December 7, 2021


4 min read

President Biden on Monday warned that climate is “an existential threat to human existence as we know it,” at the United Nations’ COP26 conference, then apologized for former President Trump’s withdrawal from the Paris climate accord.

Speaking from Glasgow, Scotland, Biden called for a “decade of transformative action” to “preserve” the planet, saying that “the science is clear.”


“We only have a brief window left before us to raise our ambitions to meet the task that’s rapidly narrowing ourselves,” the president said.

“I believe there’s an incredible opportunity — not just for the United States — but for all of us. We are standing at an inflection point in history,” he continued. “We have the ability to invest in ourselves and build an equitable, clean energy future, and, in the process, create millions of good paying jobs and opportunities around the world; cleaner air for our children; bountiful oceans; healthier forests; and ecosystems for our planet.”

Biden warned that the climate crisis is “a challenge of our collective lifetimes.”

“The existential threat to human existence as we know it,” Biden said. “And every day we delay, the cost of inaction increases.”

He added: “Let this be a decade of transformative action that preserves our planet and raises the quality of life for people everywhere. We can do this. We just have to make a choice to do it.”

Biden said that his administration is “working overtime” to show that its climate commitment is “action, not words.”

Following the scheduled remarks, Biden said on behalf of the U.S. that he was sorry for Trump pulling out of the Paris accord, an Obama-era international agreement to take measures to get rising global temperatures under control. The former president announced the move in 2017, but it did not formally take effect until November 2020.

“I do apologize,” Biden said, according to The Associated Press, adding that the U.S. “will do our part” to lower emissions. Under the Biden administration, the U.S. formally rejoined the Paris climate agreement in February following Biden’s day-one executive order. 

Trump’s reasons for leaving the Paris accord included a fear of American job losses and a concern that it would force the U.S. to spend a disproportionate amount of money compared to other countries.

During the speech, Biden plugged his “Build Back Better” economic agenda, saying it will make “historic investments in clean energy,” calling it the “most significant investment to deal with the climate crisis than any advanced nation has ever made.”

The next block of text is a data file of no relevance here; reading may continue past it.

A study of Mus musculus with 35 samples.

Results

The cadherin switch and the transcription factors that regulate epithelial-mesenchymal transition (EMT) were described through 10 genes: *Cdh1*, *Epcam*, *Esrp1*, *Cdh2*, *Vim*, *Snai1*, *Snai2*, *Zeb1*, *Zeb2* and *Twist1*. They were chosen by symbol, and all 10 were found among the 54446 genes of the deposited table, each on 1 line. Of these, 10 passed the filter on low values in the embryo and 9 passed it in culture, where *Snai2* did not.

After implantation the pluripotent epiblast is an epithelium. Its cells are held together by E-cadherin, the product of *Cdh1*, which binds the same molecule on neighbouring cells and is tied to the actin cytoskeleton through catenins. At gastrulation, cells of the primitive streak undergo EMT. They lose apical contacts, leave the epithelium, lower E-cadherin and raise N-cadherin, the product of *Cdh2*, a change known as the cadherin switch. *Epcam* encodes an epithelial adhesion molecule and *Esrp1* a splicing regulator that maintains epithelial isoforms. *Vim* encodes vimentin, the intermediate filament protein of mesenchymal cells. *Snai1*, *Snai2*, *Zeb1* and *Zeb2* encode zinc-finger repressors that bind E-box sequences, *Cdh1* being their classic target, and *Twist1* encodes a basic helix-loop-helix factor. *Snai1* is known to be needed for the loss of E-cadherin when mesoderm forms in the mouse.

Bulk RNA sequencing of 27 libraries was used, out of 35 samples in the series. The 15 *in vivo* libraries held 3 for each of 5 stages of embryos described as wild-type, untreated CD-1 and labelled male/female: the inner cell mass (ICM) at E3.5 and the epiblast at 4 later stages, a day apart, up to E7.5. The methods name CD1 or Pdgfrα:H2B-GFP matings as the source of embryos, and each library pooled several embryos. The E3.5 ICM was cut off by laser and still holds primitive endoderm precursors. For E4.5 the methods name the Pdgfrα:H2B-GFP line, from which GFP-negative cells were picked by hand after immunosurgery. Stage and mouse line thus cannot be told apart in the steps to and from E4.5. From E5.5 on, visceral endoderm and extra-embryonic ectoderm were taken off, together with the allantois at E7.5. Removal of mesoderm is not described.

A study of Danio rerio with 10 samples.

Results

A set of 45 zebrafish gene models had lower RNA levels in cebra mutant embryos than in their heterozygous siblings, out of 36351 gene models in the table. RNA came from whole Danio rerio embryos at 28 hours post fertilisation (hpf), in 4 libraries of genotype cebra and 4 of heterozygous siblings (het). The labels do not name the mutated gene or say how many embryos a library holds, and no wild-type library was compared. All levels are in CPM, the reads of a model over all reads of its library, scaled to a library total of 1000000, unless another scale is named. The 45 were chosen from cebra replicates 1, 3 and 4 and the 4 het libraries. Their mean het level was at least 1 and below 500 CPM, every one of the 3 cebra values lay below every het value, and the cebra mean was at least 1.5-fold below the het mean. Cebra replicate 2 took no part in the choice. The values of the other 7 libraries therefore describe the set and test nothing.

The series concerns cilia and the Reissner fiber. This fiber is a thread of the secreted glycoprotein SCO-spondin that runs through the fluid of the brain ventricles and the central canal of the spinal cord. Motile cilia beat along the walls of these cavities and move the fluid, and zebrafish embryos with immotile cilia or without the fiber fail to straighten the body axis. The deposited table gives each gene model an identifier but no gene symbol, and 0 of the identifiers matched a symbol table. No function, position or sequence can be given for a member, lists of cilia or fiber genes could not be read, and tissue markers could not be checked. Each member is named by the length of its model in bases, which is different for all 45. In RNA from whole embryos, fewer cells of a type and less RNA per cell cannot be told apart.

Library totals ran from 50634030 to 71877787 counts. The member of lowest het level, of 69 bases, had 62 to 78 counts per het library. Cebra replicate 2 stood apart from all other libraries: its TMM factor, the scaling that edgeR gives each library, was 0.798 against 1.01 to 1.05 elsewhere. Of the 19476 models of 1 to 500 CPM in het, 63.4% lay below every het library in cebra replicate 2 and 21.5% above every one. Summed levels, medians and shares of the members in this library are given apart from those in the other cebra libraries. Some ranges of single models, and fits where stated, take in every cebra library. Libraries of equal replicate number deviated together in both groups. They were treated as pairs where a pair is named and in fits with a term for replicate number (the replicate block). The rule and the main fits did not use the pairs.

The president also committed to cutting U.S. greenhouse gas emissions “by well over a gigaton by 2030,” while “making more affordable for consumers to save on their own energy bills with tax credits for things like installing solar panels, weatherizing their homes, lowering energy prices will also deliver cleaner air and water for our children; electrifying fleets of school buses, increasing credits for electric vehicles and addressing legacy pollution.”


Biden said it would “incentivize clean energy manufacturing and building solar panels and wind turbines that are growing energy markets of the future,” saying they would “create good paying union jobs for American workers.”

The president, prior to traveling to Europe for the G20 summit in Rome and to Scotland for the COP26 climate conference, was scrambling to reach a deal, telling congressional Democrats that the next week of consideration would be of crucial importance, and hanging the success of his administration on the matter.

The president’s social spending package, once valued at $3.5 trillion, is now down to a leaner $1.75 trillion after progressives and moderates agreed to cut programs including universal community college and paid family leave. That bill only requires a simple majority to pass in the Senate because it would be done through a process known as budget reconciliation, but moderate Democratic Senators Joe Manchin of West Virginia and Kyrsten Sinema of Arizona have said they still will not support it.

Meanwhile, Biden and members of his administration have declared climate change a national security threat. Over the summer, Biden warned it would be the “greatest threat” to America’s national security in the coming years.


Biden last year announced former Secretary of State John Kerry would serve as the special presidential envoy for climate and would sit on the National Security Council – marking it the first administration with the NSC including an official dedicated to climate change.

The Associated Press contributed to this report.